Johnny was hardly listening. He was looking down the dusky road and seeing in imagination a face, the most beautiful, wonderful face that his world had ever held.
“I don’t know, Gipsy girl,” he said. “I don’t know!”
“No!” Ellice said; and her voice shook and quavered in an unnatural laugh. “You don’t know, Johnny; you don’t know!”
And Connie, who heard and understood, shivered a little at the sound of the girl’s laughter.
“He does not love me now”
“Tom,” said Lady Linden, “is by no means a fool, Marjorie.”
“He has ideas. I don’t say that they are brilliant, but he gets the germ of a plan into his brain. And now I will tell you what he suggests about Partridge’s cottage and land when the lease falls in.”
Lady Linden proceeded to explain Tom Arundel’s idea, and Marjorie sat and stared out into the garden and thought of Hugh.
Was he at Hurst Dormer now? If not, where was he? What was he doing? What was he thinking about? Did he still love her, or had he fallen in love with Joan? And, if he had, would he marry Joan? and if not.
“So there you see, and what do you think of that?” asked Lady Linden, coming to the end of her remarks.
“I think it would be very nice!”
“Very nice!” Lady Linden snorted. “Very nice! What a feeble remark. My good Marjorie, do you take no intelligent interest in anything? Upon my word, now I come to look back I wonder at myself, I do indeed. I wonder at myself to think that a man like Hugh Alston, an intellectual, deep-thinking man, a man with common-sense and plenty of it—what was I saying? Oh yes, I wonder at myself for ever hoping or believing that a man like Hugh could fall in love with a silly little donkey like you. And yet men do, even clever men—I’ve known several quite clever men fall in love with perfect fools of women. But I was wrong, and you are right. I see it now. Tom Arundel is the man for you; you are fitted for one another. He is not quite a fool, but you are. He’s not clever enough to be annoyed by your folly. Hugh, on the other hand, would positively dislike you after a month. There! don’t howl, for goodness’ sake—don’t snivel, child! Run away and play with your doll”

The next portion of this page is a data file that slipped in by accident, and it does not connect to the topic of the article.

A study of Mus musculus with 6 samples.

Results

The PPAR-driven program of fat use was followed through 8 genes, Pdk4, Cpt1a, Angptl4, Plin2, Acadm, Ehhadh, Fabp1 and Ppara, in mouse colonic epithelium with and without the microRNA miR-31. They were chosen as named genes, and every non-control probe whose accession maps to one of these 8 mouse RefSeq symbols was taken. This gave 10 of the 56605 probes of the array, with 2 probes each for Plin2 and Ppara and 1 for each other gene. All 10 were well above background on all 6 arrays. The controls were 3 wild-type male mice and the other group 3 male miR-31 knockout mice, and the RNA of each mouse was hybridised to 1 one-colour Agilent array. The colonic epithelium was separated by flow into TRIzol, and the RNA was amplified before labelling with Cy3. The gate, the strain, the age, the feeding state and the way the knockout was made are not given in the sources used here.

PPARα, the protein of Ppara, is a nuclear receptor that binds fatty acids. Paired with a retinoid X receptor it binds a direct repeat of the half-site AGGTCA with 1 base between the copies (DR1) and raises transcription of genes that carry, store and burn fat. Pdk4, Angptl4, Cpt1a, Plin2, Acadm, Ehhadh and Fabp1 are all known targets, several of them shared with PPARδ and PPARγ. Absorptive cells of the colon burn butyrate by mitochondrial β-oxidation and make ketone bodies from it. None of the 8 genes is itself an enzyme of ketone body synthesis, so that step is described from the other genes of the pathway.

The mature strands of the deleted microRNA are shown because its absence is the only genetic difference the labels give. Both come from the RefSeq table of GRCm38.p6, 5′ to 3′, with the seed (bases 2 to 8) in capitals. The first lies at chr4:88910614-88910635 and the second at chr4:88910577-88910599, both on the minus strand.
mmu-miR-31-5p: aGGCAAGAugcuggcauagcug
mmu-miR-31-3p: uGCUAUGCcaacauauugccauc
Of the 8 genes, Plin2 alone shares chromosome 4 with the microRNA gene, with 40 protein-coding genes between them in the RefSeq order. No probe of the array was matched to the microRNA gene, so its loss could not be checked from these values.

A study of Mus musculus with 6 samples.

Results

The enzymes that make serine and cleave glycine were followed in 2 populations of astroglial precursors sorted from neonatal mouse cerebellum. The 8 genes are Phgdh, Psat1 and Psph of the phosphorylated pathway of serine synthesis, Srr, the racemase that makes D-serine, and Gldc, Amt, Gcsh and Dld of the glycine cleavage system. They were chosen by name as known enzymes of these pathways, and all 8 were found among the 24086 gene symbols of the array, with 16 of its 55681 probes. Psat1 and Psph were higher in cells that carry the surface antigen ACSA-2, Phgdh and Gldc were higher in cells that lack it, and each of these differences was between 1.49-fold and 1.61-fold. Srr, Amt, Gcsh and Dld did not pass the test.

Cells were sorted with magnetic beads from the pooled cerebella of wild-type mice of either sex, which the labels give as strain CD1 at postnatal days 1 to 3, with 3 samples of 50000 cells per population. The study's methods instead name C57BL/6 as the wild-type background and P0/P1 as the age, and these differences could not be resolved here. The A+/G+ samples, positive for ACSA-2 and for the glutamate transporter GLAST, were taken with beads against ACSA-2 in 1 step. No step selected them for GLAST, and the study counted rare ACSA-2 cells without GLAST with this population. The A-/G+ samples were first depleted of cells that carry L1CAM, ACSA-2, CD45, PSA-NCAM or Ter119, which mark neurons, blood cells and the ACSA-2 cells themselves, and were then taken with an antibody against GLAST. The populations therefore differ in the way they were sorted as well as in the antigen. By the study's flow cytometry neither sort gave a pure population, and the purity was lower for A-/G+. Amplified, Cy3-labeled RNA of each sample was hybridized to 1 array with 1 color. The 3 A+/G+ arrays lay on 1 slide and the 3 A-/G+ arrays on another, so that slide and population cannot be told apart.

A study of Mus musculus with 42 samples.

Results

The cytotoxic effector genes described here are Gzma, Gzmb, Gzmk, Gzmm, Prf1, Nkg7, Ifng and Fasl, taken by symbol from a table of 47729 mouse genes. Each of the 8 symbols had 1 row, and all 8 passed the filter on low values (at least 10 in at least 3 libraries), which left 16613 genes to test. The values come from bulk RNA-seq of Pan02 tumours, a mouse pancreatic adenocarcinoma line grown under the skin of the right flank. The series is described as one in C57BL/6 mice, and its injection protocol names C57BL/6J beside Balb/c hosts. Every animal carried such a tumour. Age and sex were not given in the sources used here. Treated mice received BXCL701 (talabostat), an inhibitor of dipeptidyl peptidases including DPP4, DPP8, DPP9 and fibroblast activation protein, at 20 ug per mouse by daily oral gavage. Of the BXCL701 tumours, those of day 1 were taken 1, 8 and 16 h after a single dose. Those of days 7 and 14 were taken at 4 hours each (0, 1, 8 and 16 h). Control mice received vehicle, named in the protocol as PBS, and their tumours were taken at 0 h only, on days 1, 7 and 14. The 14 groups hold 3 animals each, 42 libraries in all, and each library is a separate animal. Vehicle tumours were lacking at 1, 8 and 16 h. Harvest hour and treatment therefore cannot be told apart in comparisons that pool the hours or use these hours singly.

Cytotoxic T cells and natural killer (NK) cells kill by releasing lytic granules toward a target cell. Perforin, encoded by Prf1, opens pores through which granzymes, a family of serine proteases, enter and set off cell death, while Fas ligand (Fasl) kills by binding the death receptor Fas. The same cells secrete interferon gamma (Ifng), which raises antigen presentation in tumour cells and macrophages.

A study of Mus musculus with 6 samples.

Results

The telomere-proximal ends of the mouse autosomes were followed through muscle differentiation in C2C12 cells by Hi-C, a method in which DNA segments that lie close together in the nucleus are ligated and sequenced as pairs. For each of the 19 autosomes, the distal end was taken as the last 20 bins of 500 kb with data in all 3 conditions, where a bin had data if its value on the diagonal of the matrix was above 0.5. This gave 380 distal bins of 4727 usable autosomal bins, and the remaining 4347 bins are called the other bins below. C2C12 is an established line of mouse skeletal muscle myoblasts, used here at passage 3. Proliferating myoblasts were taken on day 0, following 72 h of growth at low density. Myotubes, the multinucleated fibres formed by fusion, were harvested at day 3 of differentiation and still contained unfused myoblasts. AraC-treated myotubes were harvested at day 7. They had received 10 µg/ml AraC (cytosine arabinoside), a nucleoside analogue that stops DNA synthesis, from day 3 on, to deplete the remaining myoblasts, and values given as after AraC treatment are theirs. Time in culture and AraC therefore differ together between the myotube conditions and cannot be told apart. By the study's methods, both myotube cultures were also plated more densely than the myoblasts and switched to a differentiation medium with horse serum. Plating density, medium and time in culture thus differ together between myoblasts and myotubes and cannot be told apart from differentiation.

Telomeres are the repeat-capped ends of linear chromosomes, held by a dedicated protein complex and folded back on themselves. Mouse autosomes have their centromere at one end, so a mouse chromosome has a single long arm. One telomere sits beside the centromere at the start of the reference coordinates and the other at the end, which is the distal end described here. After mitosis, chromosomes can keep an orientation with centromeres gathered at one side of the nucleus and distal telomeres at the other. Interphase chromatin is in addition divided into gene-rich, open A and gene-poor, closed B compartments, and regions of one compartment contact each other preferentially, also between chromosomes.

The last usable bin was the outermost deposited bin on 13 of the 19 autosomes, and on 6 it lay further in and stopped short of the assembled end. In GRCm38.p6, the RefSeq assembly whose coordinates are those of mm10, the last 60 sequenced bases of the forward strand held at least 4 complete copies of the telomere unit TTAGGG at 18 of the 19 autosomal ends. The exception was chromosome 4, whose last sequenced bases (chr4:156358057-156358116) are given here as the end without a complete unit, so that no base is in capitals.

“Patience!” said Lady Linden, when her niece went out—“I have the patience of ten Jobs rolled into one. She’s a good little soul, but an awful idiot! And bless my wig!” added her ladyship, who did not wear one, but her own luxuriant hair, “what’s that hopeless idiot of a Perkins doing with those standard roses?” She sallied out, battle in her eyes, to tell Perkins, the under-gardener, something about the culture of roses, and incidentally to point out what her opinion of himself was in plain and straightforward language.